My policy outreach activities target a wide range of stakeholders and aims to inform policymaking and implementation in primarily two ways: first, by demonstrating how my existing research can help understand and improve policy; second, by using emerging policy problems to design new research projects that will produce actionable recommendations for change.
Applying existing research to better understand and improve policy
I frequently give talks to think tanks and government agencies in the UK, US, and China: Chatham House, the Foreign and Commonwealth Office, National Endowment for Democracy, Woodrow Wilson Center, Shanghai Institutes for International Studies, among others.
Working in Washington, DC, gave me practical experience in writing policy briefs and articles, a skill that has been useful in my more recent work advising and consulting for various organisations in government, business, and advocacy.
To reach an even wider audience, I often write for the general public, drawing upon my existing research to offer insight and understanding of unfolding events worldwide. For example, in the early years of Syrian conflict, my coauthors and I wrote an op-ed for CNN where we argued that humanitarian intervention from world powers like the US would be unlikely, based upon our quantitative research on the topic published earlier in Foreign Policy Analysis.
To read more examples of policy outreach visit my Commentaries & Op-eds page.
Designing new research to inform more effective policy change
I have also used commentary writing to first reflect on recent news events and then develop larger-scale, academic research projects.
For instance, in the days after China repealed its 'one-child policy' I wrote in the South China Morning Post that this policy change could have a positive effect on the lives of LGBT people in China by diminishing the family pressure they feel as their parent's 'one-chance' to perform the expected traditional, heteronormative duties.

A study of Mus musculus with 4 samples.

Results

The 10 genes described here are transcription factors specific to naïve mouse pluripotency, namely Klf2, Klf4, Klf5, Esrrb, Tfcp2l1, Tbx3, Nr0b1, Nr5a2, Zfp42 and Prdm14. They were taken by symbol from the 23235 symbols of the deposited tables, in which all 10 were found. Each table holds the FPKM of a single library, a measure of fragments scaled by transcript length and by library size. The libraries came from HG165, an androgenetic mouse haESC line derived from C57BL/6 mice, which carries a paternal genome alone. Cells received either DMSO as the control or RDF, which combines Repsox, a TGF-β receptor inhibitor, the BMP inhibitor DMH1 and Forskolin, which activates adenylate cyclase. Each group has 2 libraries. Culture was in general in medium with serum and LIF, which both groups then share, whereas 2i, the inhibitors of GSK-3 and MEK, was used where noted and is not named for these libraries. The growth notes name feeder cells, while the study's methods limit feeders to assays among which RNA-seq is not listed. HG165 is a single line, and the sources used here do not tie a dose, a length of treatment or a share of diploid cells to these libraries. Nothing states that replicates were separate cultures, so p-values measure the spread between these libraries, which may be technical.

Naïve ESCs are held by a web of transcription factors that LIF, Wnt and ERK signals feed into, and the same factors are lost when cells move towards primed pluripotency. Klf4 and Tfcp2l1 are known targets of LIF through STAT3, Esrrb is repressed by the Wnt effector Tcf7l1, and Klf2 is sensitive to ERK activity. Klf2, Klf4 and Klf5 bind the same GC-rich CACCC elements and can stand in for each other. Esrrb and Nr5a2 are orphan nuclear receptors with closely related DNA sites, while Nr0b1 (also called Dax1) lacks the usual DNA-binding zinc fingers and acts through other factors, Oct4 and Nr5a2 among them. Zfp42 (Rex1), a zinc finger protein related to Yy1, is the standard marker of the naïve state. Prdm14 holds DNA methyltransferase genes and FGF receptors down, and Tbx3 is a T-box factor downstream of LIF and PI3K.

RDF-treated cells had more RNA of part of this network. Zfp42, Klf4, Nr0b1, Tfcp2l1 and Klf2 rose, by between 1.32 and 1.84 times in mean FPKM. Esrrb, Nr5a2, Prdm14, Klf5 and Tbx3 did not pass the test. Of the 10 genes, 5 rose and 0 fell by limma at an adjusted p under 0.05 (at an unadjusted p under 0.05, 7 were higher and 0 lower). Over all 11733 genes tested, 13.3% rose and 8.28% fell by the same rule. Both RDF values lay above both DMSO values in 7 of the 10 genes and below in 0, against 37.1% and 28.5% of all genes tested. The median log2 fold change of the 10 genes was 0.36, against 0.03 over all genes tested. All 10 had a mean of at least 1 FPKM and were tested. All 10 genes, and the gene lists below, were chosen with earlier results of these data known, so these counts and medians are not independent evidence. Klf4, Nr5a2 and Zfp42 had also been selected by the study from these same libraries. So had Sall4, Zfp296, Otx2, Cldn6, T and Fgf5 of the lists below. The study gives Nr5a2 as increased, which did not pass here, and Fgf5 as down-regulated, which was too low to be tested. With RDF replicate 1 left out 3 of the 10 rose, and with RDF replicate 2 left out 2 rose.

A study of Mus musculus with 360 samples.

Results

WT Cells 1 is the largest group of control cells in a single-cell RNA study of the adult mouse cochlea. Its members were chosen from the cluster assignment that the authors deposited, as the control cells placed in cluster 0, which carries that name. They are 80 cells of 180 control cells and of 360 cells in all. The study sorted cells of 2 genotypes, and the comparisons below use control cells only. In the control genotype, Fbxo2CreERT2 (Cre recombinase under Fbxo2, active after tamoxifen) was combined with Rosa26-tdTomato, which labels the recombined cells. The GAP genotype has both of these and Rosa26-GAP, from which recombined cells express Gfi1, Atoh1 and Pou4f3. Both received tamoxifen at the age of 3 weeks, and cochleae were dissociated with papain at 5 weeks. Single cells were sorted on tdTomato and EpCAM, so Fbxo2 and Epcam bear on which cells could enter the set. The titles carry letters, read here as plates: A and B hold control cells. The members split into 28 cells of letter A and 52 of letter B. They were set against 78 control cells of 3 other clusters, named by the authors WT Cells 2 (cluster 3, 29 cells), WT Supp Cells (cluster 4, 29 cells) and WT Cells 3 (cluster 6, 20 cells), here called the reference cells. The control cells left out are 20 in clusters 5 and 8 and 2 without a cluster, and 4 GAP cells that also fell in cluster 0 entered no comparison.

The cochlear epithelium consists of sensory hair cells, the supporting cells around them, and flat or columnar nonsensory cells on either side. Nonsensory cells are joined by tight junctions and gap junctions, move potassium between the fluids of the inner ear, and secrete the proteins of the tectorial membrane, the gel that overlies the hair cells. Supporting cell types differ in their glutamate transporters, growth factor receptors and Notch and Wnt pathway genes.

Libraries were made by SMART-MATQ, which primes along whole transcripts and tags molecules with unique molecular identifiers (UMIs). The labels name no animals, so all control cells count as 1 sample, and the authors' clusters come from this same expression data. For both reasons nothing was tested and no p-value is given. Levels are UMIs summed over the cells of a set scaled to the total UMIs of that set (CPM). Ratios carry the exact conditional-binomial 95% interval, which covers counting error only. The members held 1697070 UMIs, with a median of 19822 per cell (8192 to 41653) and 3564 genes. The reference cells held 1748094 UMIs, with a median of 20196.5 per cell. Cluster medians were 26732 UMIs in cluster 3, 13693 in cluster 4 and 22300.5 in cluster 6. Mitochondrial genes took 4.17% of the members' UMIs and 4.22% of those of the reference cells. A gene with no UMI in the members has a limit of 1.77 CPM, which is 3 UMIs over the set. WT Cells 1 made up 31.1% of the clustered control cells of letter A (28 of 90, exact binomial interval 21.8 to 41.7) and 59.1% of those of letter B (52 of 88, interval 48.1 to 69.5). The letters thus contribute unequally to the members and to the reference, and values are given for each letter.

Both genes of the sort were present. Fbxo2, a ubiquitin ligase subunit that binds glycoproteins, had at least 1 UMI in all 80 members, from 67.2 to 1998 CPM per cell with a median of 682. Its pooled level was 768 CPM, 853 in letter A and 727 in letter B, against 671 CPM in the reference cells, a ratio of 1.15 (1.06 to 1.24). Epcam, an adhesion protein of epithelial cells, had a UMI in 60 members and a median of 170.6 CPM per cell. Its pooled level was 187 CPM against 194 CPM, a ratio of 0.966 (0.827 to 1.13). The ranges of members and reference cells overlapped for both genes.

This compelled me to design a research project which ultimately demonstrated how the family pressure felt by LGBT Chinese was not just due to the one-child policy, but also reforms in elder care provision that shifted the burden from the state to the family. Together, these two policies have had a disproportionately negative (if unintended) effect on lesbian and gay people in China. This research was published in the Journal of Homosexuality.
Another large research project in progress seeks to better understand how the general public in Britain views government expenditure on preventative drugs, a project that I conceived of in response to NHS England's decision to not provide full access to PrEP, a highly efficacious preventative anti-HIV drug.
Beyond just PrEP and HIV, this project hopes to inform policymakers about the actual— rather than anticipated—public response to public expenditures on a wide range of preventative drugs amidst government cost-cutting. To disseminate the research findings to policymakers and the general public, I will be partnering with national HIV and LGBT groups in London and around the UK.